Beijing – one of the world’s most populated cities in the world – is also fast becoming one of Asia’s best places for some great shopping. The city has emerged as one of China’s megacities, together with Shanghai. And because it is part of this country known for its ancient civilization, Beijing is also a curious mix of ancient and modern, of traditional and cutting-edge. Shopping in this city reflects this unique mix that can only be found here.

Because it is easy to get lost in this huge city, here is a quick guide to the best shopping places in this northern capital of China. You will also find our useful tips before you go on your shopping adventure in Beijing.



At the capital, the Beijing Subway or MTR is also the most convenient way to get around. Foreigners may find it hard to navigate the local bus lines. Another option is to take taxis, but it is best to have the address of your destination written in Chinese to communicate with taxi drivers better.

Best Time to Travel to Beijing

The best times of the year to travel to Beijing are during the months of March to May (springtime) and the months of September and October (autumn). Temperate weather prevails during these times, so going around the city won’t be too inconvenient. However, these months are also the peak season for travelling to Beijing, so be prepared to see lots of local and foreign tourists alike. It is also best to book your flights and accommodations in advance to avail of good rates.


Get Ready for Some Major Shopping in Beijing: Where to Shop

1. Wangfujing Street


Because it is a pedestrianized area, you can freely walk along Wangfujing Street and explore the many shopping malls and small stores here. For a one-of-a-kind food experience, look for the Wangfujing Snack Street where you can sample exotic delicacies like scorpions, starfish, centipedes and cicadas.

2. Xidan Commercial District



3. Sanlitun


4. Panjiayuan Market




5. Nan Lou Gu Xiang


6. Silk Street

Chinese silk is said to be among the best in the world, and among the best places to buy silk products is at the Silk Street Market. Located at 8 Xiushui Dongjie, Jianguomenwai Dajie, Chaoyang District, this complex has 7 floors full of clothing, accessories, and Chinese crafts as well. There are also custom tailor shops here that are open from 9 am to 9 pm.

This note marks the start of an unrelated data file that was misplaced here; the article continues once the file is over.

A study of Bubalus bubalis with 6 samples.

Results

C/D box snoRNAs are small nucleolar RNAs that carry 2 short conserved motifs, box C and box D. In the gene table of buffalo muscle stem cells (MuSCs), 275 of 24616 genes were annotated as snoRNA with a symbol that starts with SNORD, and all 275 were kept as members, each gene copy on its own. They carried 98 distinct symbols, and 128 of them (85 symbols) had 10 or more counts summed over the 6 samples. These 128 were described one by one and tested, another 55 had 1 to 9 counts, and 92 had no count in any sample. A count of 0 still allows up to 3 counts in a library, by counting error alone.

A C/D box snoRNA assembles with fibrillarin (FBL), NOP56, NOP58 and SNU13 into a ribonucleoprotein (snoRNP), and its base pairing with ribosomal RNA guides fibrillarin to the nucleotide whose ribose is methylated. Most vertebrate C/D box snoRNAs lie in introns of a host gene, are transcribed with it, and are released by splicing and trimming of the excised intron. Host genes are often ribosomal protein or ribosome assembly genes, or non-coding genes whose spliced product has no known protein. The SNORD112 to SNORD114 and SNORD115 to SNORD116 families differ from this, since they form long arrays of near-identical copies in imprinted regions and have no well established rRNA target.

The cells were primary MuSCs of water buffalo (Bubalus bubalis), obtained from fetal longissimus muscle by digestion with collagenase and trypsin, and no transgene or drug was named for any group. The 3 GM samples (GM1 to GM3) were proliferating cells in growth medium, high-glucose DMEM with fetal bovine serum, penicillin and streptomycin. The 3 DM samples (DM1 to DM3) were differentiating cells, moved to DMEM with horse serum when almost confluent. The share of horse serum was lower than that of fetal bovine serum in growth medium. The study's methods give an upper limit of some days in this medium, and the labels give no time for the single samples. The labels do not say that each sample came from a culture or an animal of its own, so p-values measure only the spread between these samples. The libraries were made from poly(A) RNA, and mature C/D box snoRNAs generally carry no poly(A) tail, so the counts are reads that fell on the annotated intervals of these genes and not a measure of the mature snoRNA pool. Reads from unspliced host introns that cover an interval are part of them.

When shopping for Chinese silk, make sure that the shop you are buying from allows you to return goods when you are not satisfied with them. Silk Street Market was previously notorious for fake or low-quality goods so it is best to be careful so that you do not get cheated.

7. Hong Qiao Pearl Market




8. Dongliang China


TL;DR -What to buy while in Beijing:


  • Pearl necklaces
  • Toys and cheap clothes
  • Chinese Cloisonne
  • Peking glass snuff bottle

Tips for Bargaining and Shopping

In a shopping haven like Beijing, bargaining is the name of the game. Unfortunately, even the sellers know how to play this game so you have to be ready for some serious to-and-fro if you really want an item. Here are some tips to help you along.

  • Know what you want to buy. And how much you are willing to pay for it. This is important so that you do not get buyers remorse. Decide as early as possible what you want to shop for and set a budget for it. That way, you do not spend too much on an item that is an impulse buy.
  • When bargaining, start at a low price. For example, for inexpensive goods, you can start with a price that 25 to 50 per cent of what the seller first said. For more expensive items, start even much lower and work yourself up.
  • Try the “walk away” technique. Only use this when you and the seller have not agreed on a favourable price. In some cases, the seller will call you back and agree on the price that you want.
  • Pay attention to your surroundings. Shopping districts, especially the outdoor markets are also a haven for petty criminals, so please be careful with your belongings. Do not bring too much cash if you can. Refrain from wearing too much jewellery.